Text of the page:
Land Use Board of Appeals (LUBA) Remands Douglas County Revisions to Land Use Comprehensive Plan
sOn Friday, August 2nd, LUBA took a huge step in protecting farm and forestland in Douglas County. LUBA remanded a Douglas County decision to amend its comprehensive plan that would have allowed for the re-designation of over 22,000 acres of farm and forestland for residential land. Crag staff attorney Meriel Darzen started working on this case as a staff attorney at 1000 Friends of Oregon and continued representing 1000 Friends after she joined the Crag team in May 2019.
LUBA ruled in support of the petitioners (the Department of Land Conservation and Development, 1000 Friends of Oregon, Friends of Douglas County and the Oregon Department of Fish and Wildlife) finding that Douglas County failed both to comply with state law protecting farm and forestland and to coordinate with local government on the potential increased wildfire risk associated with more development on rural lands.
“Douglas County’s decision was inconsistent with Oregon’s longstanding protections for farm and forestland and would have had negative ramifications on Douglas County’s working lands. LUBA also agreed that the county should have considered the wildfire risks associated with allowing so many new structures in a highly fire prone landscape,” said Meriel Darzen, Crag Staff Attorney.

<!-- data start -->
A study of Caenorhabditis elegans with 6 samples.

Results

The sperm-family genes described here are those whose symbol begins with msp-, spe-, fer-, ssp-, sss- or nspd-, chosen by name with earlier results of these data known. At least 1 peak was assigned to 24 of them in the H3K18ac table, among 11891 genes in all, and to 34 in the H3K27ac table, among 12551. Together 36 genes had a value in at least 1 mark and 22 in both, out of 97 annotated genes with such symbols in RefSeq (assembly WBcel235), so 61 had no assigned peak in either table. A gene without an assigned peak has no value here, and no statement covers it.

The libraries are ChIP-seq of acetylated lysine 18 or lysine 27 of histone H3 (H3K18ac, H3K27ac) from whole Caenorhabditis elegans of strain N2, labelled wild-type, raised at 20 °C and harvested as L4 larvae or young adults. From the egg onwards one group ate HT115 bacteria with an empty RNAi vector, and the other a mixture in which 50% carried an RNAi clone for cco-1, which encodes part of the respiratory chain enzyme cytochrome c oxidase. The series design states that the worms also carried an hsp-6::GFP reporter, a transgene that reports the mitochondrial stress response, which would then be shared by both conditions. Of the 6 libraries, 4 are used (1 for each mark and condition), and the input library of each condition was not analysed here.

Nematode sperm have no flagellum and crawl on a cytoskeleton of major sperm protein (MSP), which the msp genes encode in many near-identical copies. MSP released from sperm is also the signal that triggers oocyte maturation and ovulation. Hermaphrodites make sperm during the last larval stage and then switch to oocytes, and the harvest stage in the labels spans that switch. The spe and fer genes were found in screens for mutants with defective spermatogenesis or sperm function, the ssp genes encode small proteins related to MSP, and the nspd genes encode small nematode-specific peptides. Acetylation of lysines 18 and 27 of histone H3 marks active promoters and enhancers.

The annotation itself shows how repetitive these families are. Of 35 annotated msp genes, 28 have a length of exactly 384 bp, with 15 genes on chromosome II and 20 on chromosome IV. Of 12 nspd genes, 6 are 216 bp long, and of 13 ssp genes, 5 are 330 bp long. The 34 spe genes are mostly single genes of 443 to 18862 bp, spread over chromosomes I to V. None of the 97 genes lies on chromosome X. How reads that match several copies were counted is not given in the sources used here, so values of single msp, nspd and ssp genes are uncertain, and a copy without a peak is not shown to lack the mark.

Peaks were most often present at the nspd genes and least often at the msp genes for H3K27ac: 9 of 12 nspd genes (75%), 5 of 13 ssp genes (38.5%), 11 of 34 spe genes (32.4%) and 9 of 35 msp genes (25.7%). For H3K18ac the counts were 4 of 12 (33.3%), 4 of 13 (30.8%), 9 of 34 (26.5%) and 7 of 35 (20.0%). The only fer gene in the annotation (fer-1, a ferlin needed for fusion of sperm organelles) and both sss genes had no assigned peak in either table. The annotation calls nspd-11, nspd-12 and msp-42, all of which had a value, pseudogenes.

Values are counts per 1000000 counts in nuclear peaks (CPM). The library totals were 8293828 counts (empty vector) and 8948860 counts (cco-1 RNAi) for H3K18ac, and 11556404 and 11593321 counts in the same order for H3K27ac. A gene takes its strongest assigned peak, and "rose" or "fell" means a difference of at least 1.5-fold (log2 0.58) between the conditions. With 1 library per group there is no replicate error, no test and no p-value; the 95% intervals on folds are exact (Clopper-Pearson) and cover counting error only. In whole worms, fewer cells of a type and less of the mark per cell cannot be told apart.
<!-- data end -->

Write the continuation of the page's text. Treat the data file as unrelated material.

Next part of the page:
Douglas County is part of the heart of Oregon’s commercial timber-producing lands and the county’s decision to revise its comprehensive plan could have meant the loss of thousands of acres of productive forest lands to exurban sprawl, among other potential threats.
Had the proposed amendments gone through, wildfire risk would have increased with the estimated 375-750 new homes that could have been developed under Douglas County’s initial decision; many of which may have been in high wildfire-risk areas. Additionally, the loss of this land to private property development would have put at risk the natural resources, wildlife, and carbon sequestering values of wildlands and forests.
Since 1973, when SB 100 was signed into law, every county in Oregon is required to have a comprehensive plan pursuant to Oregon’s 19 statewide land use goals. Goals 3, 4, and 5 are designed to protect agricultural lands; forest lands; and natural resources, scenic areas, and open spaces, respectively. Douglas County’s attempt to amend its comprehensive plan greatly threatened these shared values.
“Friends of Douglas County is grateful that approximately 20,000 acres of farm and forestland will continue to be protected under statewide planning Goals 3 and 4,” said Shelley Wetherell, Board Chair of Friends of Douglas County and farmer. “It can continue to be designated for resource use instead of becoming large lot developments.”
This map shows the 22,500 acres (in brown) proposed for re-designation and development by Douglas County. These lands represent productive forest and farmland that could have been subdivided for residential development.